Osteopenia and Increasing Bone Density

I have been having a blast since discovering climbing six years ago. I’m 58, female, about 5’3”, 113 pounds and Caucasian. I recently had a bone-density study and found that while the Z-score of my arm is 0.00, my lumbar spine and hip are osteopenic at -1.9 and -1.7 respectively, and my femoral head is -2.5: officially osteoporotic.


— Bonehead, Rock and Ice Forum

For those who do not read statistics books for the fun of learning, the T-score is how you compare to a 30-year-old, matched for age, sex and ethnicity.
Measured by how many standard deviations you are from the mean, or middle, of the population, the more negative the T-score, the more likely you are
to fracture with low force. A score above -1 is considered normal, between -1 and -2.5 is considered osteopenia (low bone mass), and -2.5 or below
is considered osteoporosis.

Another measure is a Z-score. This is how you compare to someone your own age, sex and ethnicity and is also measured by the number of standard deviations
from the mean. You haven’t mentioned any other medications or risk factor, so I assume this is postmenopausal bone loss.

Forearm bone density is an unreliable indicator of bone loss, so you couldn’t necessarily say that the 0.0 Z-score is because your arm bones have been
afforded protection by virtue of climbing. That said, any load across a bone has the potential to cause bone deposition, and climbers obviously put
extraordinary load through the upper limb, but it’s a moot point since we don’t have any earlier bone-density studies to compare.

When you fall, either in a harness or when bouldering, your hips move into flexion, which in turn causes lumbar flexion. Add even a slight amount of rotation
and you have a Molotov cocktail of biomechanical forces that can easily lead to a vertebral crush fracture in a susceptible bone. With regard to the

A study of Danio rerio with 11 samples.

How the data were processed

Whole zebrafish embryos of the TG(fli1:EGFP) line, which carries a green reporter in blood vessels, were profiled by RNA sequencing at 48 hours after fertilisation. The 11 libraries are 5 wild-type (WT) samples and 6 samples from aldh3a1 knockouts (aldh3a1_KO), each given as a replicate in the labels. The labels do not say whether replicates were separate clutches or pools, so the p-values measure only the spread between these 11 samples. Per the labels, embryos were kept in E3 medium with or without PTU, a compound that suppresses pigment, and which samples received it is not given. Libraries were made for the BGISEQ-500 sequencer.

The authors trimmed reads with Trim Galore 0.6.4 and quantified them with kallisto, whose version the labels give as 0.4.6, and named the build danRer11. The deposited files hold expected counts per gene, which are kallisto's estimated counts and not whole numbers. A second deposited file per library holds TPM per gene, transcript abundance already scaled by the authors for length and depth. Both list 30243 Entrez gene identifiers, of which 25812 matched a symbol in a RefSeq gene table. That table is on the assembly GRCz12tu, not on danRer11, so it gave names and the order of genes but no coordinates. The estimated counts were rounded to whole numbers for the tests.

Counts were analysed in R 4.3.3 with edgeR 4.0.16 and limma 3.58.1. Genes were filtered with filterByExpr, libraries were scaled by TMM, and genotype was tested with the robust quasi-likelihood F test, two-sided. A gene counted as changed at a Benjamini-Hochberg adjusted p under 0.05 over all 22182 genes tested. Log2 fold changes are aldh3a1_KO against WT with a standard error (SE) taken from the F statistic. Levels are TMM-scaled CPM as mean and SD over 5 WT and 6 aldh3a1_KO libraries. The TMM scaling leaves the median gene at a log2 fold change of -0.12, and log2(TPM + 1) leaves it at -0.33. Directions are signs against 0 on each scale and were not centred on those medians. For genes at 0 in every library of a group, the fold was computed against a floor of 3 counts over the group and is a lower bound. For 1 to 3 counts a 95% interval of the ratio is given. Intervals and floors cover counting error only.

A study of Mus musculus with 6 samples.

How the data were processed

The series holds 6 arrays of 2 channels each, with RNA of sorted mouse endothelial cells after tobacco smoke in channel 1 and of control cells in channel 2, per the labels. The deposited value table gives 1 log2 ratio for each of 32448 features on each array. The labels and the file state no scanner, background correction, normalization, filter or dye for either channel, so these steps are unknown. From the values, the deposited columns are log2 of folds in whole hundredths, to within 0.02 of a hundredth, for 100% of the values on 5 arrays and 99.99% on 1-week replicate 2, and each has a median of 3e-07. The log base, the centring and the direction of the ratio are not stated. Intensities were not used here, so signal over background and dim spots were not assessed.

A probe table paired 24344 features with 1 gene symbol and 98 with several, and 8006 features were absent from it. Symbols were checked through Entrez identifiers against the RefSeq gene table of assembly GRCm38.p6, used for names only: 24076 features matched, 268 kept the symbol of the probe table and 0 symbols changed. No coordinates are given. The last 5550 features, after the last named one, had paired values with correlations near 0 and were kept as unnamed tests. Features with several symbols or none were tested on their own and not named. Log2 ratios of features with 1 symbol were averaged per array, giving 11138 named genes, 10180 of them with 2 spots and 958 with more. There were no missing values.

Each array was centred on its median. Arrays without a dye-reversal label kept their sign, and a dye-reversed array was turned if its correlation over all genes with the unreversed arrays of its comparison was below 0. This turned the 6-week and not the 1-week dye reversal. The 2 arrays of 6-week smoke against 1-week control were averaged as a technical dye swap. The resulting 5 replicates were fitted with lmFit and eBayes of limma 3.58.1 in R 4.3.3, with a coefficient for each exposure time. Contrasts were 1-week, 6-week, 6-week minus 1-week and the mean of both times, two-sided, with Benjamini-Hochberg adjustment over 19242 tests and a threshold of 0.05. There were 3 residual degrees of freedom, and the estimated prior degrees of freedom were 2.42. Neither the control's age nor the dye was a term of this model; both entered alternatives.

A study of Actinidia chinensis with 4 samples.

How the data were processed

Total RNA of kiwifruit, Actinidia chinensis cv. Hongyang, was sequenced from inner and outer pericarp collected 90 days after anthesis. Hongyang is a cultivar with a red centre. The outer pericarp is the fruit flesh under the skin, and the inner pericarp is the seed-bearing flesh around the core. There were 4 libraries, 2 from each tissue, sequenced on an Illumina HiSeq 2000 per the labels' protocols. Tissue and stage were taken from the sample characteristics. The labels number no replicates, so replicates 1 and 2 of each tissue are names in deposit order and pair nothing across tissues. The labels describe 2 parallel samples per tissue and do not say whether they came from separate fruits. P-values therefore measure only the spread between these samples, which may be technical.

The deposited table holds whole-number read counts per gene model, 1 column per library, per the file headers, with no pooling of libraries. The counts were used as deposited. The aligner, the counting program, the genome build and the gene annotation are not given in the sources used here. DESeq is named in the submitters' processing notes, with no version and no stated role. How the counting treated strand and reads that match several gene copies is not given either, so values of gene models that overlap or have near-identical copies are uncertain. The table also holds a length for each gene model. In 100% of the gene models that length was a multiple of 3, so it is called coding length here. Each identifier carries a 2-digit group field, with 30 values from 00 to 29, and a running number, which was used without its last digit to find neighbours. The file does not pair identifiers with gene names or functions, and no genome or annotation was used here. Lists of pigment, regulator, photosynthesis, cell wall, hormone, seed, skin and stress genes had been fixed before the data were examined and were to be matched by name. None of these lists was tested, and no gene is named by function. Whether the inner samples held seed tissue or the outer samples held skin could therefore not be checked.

femoral head, the mechanics leading to fracture are wider and more varied, and the bone is even more vulnerable.

I would rather play golf with a ping-pong bat than take up toproping as an end in itself. But the fact is you are at a very much heightened fracture risk,
specifically for your femoral head. At age 65 and up, hip fractures are a sentinel event in the spectrum of your health and have a one-year mortality
rate.

Now that your friends know you have frail bones, the general stress around spotting you will cause each of them to succumb to nervous breakdowns. You will
become a loner and start reading What Coffin magazine. Choose a different future and delete bouldering from the fun radar.

If you want to do recreational miles with little chance of falling ,climbing will likely help your bone density and you’ll have a jolly good time. Get
out there and enjoy yourself. There are many exercises you can do, not so much to improve your bone density, but significantly reduce its loss. See
an exercise physiologist and get a specific program.

Along with taking vitamin D and calcium, targeted exercise will improve your Z score because it’s relative to a population that is progressively worsening.
Improving your T-score is much harder and very limited, and usually requires pharmaceuticals.


This article was published in Rock and Ice 222 (November 2014).